The Road to Pebble Beach

It was a beautiful weekend here in the Metroplex (sorry, friends up North), so the Golf Nerd Goddess and I hooked up with our respective gender golf groups on Saturday, and then played together with our friends Dianne and Susan on Sunday (we’re talking about golf here, you perverts). Yes, yes, I know that it was Valentines Day. Rest assured that we enjoyed a very romantic Saturday evening without having to resort to watching “50 Shades of Grey” (a title that could also describe Ben Hogan’s golf wardrobe).

In between our rounds, we checked in on the AT&T Pebble Beach Pro-Am (or as us curmudgeons will forever call it, The Crosby Clambake, in honor of its founder). The Crosby has always signaled the unofficial start of the professional golf season for me; partially for the field (generally strong), some for watching various celebrities and other members of the moneyed gentry embarrass themselves (or, in some rare instances, demonstrate surprisingly strong game), but almost always for the course. And at this year’s event, the weather was spectacular to the point of surreal – impossibly blue waters of various shades set against the native grasses that comprise Pebble Beach, all bathed by abundant sunshine and a sky that would put Carolina Blue to shame.

I have never played Pebble Beach. I did make it out to the Monterrey Peninsula once, having some spare time from a business trip and almost regret having done so, as the day I traveled there was much as I described above. I parked near the Lodge, made my way out towards the 18th green, gazed back along the Pacific shoreline that borders that iconic finishing hole, and felt tears welling – partially from the sensory overload, and maybe even more so from the fact that I didn’t have my clubs with me.

I emphasize the weather because it’s more unpredictable than John Daly’s love life (speaking of Mr. Daly, he managed to shoot an opening round 65 and still miss the cut). Over the years, the tournament has seen hail, severe thunderstorms and fog that would make Carl Sandburg swoon. The time of year does not seem to matter; when Tom Kite won the US Open there in June of 1992, the wind blew so hard that many players were hitting 5 or 6 iron into the 103 yard 7th hole,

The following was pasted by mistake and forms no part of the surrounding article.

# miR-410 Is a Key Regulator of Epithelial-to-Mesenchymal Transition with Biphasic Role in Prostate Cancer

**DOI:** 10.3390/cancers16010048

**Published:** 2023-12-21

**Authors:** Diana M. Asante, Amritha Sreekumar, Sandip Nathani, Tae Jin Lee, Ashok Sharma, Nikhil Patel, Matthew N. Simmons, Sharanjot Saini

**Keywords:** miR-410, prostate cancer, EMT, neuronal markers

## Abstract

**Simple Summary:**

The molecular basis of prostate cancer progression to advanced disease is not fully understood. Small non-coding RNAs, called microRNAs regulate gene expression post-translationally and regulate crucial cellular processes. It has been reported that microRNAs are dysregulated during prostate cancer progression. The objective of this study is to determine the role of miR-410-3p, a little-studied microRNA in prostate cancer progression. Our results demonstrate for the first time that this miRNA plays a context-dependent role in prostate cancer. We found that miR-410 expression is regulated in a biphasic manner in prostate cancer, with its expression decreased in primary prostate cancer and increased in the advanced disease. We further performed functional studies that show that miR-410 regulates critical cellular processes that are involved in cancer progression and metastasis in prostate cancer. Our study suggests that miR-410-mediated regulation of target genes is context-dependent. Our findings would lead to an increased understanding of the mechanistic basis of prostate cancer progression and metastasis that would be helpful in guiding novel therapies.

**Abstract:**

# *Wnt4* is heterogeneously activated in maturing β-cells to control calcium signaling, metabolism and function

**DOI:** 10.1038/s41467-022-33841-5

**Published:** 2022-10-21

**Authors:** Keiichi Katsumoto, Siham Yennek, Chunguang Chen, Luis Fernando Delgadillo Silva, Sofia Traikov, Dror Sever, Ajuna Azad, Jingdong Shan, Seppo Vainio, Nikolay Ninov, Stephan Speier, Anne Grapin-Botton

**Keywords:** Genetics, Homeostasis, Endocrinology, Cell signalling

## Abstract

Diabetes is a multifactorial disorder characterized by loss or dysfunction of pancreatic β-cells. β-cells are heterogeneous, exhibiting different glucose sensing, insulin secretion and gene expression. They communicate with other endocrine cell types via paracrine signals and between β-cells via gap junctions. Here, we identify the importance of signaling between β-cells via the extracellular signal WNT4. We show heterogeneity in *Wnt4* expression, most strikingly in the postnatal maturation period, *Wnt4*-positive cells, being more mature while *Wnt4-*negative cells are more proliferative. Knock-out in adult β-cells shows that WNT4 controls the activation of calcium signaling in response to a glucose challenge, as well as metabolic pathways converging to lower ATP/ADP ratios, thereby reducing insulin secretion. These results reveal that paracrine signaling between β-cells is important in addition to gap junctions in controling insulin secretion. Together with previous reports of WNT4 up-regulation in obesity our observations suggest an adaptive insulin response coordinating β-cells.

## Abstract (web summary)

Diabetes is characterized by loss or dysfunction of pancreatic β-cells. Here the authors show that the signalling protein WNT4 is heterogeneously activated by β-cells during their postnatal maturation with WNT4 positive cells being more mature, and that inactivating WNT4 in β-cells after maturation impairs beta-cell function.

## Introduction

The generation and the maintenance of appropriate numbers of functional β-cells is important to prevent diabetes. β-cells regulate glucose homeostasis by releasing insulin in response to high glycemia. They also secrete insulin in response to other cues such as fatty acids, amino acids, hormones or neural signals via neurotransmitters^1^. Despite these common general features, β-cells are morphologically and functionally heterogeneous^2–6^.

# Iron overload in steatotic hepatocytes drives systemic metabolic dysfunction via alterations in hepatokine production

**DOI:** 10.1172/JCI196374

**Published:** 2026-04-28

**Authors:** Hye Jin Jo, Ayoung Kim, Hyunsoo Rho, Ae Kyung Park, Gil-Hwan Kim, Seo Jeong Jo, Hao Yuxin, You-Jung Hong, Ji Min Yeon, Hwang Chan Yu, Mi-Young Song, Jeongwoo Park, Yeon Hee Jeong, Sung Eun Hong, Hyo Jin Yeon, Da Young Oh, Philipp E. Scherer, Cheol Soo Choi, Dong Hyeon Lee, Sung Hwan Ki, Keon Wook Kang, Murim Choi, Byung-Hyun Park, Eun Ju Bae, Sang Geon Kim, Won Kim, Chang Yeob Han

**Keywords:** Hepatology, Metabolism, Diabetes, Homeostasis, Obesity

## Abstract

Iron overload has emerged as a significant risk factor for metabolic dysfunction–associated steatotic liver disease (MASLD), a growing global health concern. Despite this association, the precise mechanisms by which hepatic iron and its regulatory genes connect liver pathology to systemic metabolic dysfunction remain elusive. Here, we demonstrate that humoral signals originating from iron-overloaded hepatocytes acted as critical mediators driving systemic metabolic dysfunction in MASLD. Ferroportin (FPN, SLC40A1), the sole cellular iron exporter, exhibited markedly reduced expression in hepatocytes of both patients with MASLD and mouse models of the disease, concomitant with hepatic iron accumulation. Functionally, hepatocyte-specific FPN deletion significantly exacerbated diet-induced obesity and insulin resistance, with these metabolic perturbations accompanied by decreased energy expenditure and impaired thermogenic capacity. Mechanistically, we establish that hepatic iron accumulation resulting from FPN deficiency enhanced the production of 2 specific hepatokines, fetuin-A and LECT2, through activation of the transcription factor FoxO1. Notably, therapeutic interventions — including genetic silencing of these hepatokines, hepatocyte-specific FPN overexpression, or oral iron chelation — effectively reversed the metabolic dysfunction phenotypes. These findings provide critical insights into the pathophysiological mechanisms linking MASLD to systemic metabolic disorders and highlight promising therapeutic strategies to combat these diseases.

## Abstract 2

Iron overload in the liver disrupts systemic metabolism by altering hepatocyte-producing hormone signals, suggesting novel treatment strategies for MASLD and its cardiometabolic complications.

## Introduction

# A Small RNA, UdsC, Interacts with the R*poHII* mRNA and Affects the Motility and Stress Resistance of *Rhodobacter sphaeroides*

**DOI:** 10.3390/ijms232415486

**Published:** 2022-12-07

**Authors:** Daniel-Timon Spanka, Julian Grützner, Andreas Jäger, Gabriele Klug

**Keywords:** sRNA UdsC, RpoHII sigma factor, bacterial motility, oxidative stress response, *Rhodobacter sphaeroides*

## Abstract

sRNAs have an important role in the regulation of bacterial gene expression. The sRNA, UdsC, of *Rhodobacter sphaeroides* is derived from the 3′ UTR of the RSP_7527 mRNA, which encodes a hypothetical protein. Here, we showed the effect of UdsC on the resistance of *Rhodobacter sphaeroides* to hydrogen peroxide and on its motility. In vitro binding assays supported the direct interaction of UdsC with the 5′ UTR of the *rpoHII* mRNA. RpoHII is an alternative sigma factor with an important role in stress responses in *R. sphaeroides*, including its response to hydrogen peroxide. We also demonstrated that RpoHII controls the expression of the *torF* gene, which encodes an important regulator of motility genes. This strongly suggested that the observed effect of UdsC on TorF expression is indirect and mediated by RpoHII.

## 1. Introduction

All that aside, Pebble Beach is definitely on every golfer’s bucket list, although at $500 a round, the operators of the course and resort are doing their level best to keep out the riff-raff. Add in rounds at Spyglass Hill and Spanish Bay plus accommodations, and you are not far from buying a decent late-model compact car.

So the GNG and I have an agreement by which the next time she shoots a personal best score, we’re going to Pebble. Both of our games have been suffering a bit lately, so it might be awhile before we get there – although she may have found a key to get us there this past weekend.

On Sunday, Sharon tried out a new driver, the Dunlap XXIO. It’s actually manufactured for senior men who have slower swing speeds (without getting into golf techie-talk, the weight difference between this driver and a “normal” driver is far more noticeable than, oh say, the PSI between a “properly” weighted football and what the Patriots are alleged to have done against the Colts), but it seemed to suit her quite nicely, and she smacked some really strong and straight drives. [NOTE: for the uninitiated, there are two clubs in a golfer’s bag with which he or she form symbiotic relationships; those being the driver and the putter. Well, in some cases it can be somewhat passionate – Ky Laffoon , a pro who played during the 1930’s and 1940’s, once was so disenchanted with his putter that he tied it to the back of his car and dragged it along the road for about 10 miles . . . and then shot it.]

Anyway, Diane, Susan, and I were all excited over the results that Sharon was achieving from the XXIO to the point that she should really consider buying it. We finished our round, and Sharon approached Kevin, the head professional at our club. Watching from a distance, her expression changed from one of hopeful promise to that of one having just learned that the new car she had just bought needed a complete transmission overhaul.

I walked over to see what the problem was. Sharon turned to me and said, “Kevin says this club costs $800.”

I looked at Kevin, a very amiable sort from England, and asked, “Are you serious?”

Afraid so, mate. That’s a Asian manufacturer, very expensive.”

So . . . we may have taken a slight detour on the road to Pebble Beach. Anyone know where we can find a used Dunlap XXIO?